DENVER A federal appeals court ordered a new trial Monday for former Qwest CEO Joe Nacchio, saying the trial judge wrongly excluded expert testimony important to Nacchio's defense in his insider trading case.
The court also ordered a new judge to hear Nacchio's case.
Nacchio was convicted in April on 19 counts involving the sale of $52 million worth of Qwest stock in 2001. He was sentenced to six years in prison but remained free on appeal. Jurors acquitted Nacchio of 23 counts.
Prosecutors argued Nacchio sold the stock when he knew Denver-based Qwest Communications International Inc. was at financial risk but didn't tell investors. U.S. Attorney Troy Eid had called the case the largest insider trading prosecution in the nation based on the number of counts, the amount of money involved and the length of the prison term.
Attorneys for Nacchio told the 10th U.S. Circuit Court of Appeals in December the case against him didn't meet standards set by previous court rulings.
Nacchio's attorney, Maureen Mahoney, also told the court that U.S. District Court Judge Edward Nottingham wrongly prevented defense witness Daniel Fischel from testifying and that Nottingham's instructions to the jury were inadequate.
At the appeals hearing, the judges repeatedly asked government prosecutor Stephan Oestreicher Jr. why Nottingham denied Fischel from testifying.
Nacchio's attorneys say Fischel, an expert on corporate law and markets, was a core part of his defense and could have explained to jurors what must be publicly disclosed and that Nacchio's stock sales were to diversify his portfolio. Mahoney said a reasonable jury hearing testimony from Fischel would have acquitted Nacchio.
Prosecutors say the defense didn't establish the reliability of Fischel's opinions or disclose how he arrived at them.
The three-judge appeals panel focused on how Nottingham simply announced his decision to forbid Fischel from testifying after accepting written arguments from both sides. Two members of the panel noted how Nottingham silenced a defense attorney who asked to speak, saying he had already ruled because the defense didn't disclose Fischel's methodology.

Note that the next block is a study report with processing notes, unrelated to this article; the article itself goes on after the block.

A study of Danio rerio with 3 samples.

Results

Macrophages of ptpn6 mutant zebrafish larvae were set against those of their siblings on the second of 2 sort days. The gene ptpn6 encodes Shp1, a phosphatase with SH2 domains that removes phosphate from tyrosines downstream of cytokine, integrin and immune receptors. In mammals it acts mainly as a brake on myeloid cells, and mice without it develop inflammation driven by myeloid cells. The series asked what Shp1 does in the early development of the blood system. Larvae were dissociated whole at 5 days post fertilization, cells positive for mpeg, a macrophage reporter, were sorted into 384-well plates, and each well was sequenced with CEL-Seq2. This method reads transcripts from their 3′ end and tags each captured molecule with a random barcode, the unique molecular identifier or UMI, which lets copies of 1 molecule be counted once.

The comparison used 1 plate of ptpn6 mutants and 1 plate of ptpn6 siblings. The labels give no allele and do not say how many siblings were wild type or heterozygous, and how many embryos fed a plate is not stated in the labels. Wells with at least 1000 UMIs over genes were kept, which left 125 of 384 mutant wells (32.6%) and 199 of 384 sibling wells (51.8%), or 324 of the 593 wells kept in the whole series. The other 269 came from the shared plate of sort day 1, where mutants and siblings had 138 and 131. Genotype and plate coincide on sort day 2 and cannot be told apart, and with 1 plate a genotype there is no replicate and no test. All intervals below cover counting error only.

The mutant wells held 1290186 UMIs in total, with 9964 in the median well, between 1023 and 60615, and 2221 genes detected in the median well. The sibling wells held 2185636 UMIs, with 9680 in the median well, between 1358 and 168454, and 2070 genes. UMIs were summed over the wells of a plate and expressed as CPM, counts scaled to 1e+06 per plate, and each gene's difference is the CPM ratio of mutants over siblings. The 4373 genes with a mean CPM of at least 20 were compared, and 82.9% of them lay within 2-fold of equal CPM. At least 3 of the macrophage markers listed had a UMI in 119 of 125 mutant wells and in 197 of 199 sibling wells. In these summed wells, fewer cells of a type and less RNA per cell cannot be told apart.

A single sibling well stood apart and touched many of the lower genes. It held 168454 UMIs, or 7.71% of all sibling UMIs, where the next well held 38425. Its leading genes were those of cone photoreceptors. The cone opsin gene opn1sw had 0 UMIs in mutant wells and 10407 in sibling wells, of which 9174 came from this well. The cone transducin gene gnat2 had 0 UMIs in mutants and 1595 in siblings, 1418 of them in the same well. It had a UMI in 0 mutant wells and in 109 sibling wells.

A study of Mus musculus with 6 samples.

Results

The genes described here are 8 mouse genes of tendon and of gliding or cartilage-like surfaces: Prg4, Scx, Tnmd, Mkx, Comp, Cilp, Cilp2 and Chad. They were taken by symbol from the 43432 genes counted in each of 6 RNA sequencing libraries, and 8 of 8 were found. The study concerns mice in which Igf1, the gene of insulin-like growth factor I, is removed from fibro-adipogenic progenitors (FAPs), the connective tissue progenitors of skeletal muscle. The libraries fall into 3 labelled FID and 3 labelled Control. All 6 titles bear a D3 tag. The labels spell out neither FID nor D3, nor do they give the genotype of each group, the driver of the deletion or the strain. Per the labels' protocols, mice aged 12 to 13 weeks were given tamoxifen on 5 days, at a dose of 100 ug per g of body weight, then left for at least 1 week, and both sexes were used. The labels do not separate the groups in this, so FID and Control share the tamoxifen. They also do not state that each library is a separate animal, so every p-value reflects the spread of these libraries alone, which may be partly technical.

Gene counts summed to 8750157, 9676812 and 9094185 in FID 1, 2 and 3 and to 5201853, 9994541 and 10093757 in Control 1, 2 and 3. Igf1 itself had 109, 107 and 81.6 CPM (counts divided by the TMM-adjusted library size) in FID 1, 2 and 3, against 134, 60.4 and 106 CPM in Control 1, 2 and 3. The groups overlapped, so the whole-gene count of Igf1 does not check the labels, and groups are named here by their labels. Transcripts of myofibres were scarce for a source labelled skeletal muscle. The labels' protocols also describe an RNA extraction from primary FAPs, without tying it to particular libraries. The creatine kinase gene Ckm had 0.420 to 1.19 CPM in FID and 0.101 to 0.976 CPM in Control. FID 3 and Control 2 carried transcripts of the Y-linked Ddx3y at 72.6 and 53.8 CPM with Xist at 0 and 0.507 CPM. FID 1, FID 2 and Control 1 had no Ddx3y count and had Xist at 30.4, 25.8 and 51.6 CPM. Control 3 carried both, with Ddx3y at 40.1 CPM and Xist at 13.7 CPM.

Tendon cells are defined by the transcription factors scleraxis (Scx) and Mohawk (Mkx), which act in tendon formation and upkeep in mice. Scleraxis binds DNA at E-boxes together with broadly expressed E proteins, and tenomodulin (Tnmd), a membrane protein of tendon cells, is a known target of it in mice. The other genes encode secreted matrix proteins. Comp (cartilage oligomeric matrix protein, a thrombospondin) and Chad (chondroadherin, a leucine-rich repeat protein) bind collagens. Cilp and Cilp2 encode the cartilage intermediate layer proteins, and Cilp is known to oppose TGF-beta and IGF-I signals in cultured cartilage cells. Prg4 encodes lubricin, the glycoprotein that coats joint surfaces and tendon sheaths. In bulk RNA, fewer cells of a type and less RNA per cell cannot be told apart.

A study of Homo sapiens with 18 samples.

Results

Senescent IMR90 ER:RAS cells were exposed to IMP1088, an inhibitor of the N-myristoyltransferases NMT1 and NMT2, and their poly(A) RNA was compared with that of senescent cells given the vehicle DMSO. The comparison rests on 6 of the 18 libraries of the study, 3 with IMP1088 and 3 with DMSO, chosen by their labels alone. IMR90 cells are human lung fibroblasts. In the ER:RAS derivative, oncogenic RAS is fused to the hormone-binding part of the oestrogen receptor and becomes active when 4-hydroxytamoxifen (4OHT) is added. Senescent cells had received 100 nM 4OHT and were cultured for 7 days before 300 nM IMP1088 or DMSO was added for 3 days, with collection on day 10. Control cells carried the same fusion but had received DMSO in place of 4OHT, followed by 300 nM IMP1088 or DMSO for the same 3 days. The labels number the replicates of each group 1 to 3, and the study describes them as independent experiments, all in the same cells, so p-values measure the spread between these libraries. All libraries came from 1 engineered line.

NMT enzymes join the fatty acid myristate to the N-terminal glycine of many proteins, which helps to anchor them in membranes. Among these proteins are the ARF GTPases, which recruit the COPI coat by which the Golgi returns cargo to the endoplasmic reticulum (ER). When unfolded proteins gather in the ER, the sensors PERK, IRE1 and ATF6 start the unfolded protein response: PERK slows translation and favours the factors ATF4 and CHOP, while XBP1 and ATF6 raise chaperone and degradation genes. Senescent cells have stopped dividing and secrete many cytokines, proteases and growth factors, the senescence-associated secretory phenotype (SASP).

Nottingham concluded that expert economic analysis would "invite the jurors to abandon their own common sense and common experience and succumb to this experts' credentials."
"When the court does not allow a lawyer to present arguments, we will not penalize him for failing to present them," two members of the appeals panel wrote.
The third member, Judge Jerome Holmes, said the majority opinion "elevates form over substance" and said Nottingham was correct to exclude Fischel.
Nacchio maintained he was optimistic about Qwest's future because he knew of potential contracts the company could land from secret government agencies. He did not present that argument during his trial.
All three judges agreed in Monday's ruling that information about government contracts could not exonerate Nacchio, even if presented.
The case grew out of a multibillion-dollar scandal that forced the telecommunications company to restate $2.2 billion of revenue. Federal regulators have said Qwest falsely reported fiber-optic capacity sales as recurring instead of one-time revenue between April 1999 and March 2002.
Prosecutors argued Nacchio knew his company was at financial risk at the time he was selling shares but didn't tell investors. His sales came before Qwest shares plummeted.
Mahoney had argued that Nacchio's stock sales were not based on nonpublic information and that he had announced his decision to sell shares well in advance.
She also said Nacchio's sentence was calculated incorrectly.
Mahoney said former Chief Financial Officer Robin Szeliga had told Nacchio roughly $1 billion of revenue in Qwest's internal budget of roughly $22 billion was at risk, an amount Mahoney argued was not material.
Mahoney said court precedents found that for interim company results to be material, they must suggest an "extreme departure" from how the public expects a company to perform. She argued Qwest's situation didn't meet that requirement.
Oestreicher told judges the case wasn't strictly about numbers but the fact that unknown to the public at time, Qwest's business plan was failing. He also argued that Nacchio had told his employees that missing public financial targets by just $50 million was huge because Qwest's stock would get "whacked."
Nacchio still faces a civil fraud lawsuit filed by the Securities and Exchange Commission against him and four other former Qwest employees. The SEC alleges they coordinated a financial fraud that allowed Qwest to improperly report approximately $3 billion in revenue. Qwest later restated its revenue to erase $2.2 billion.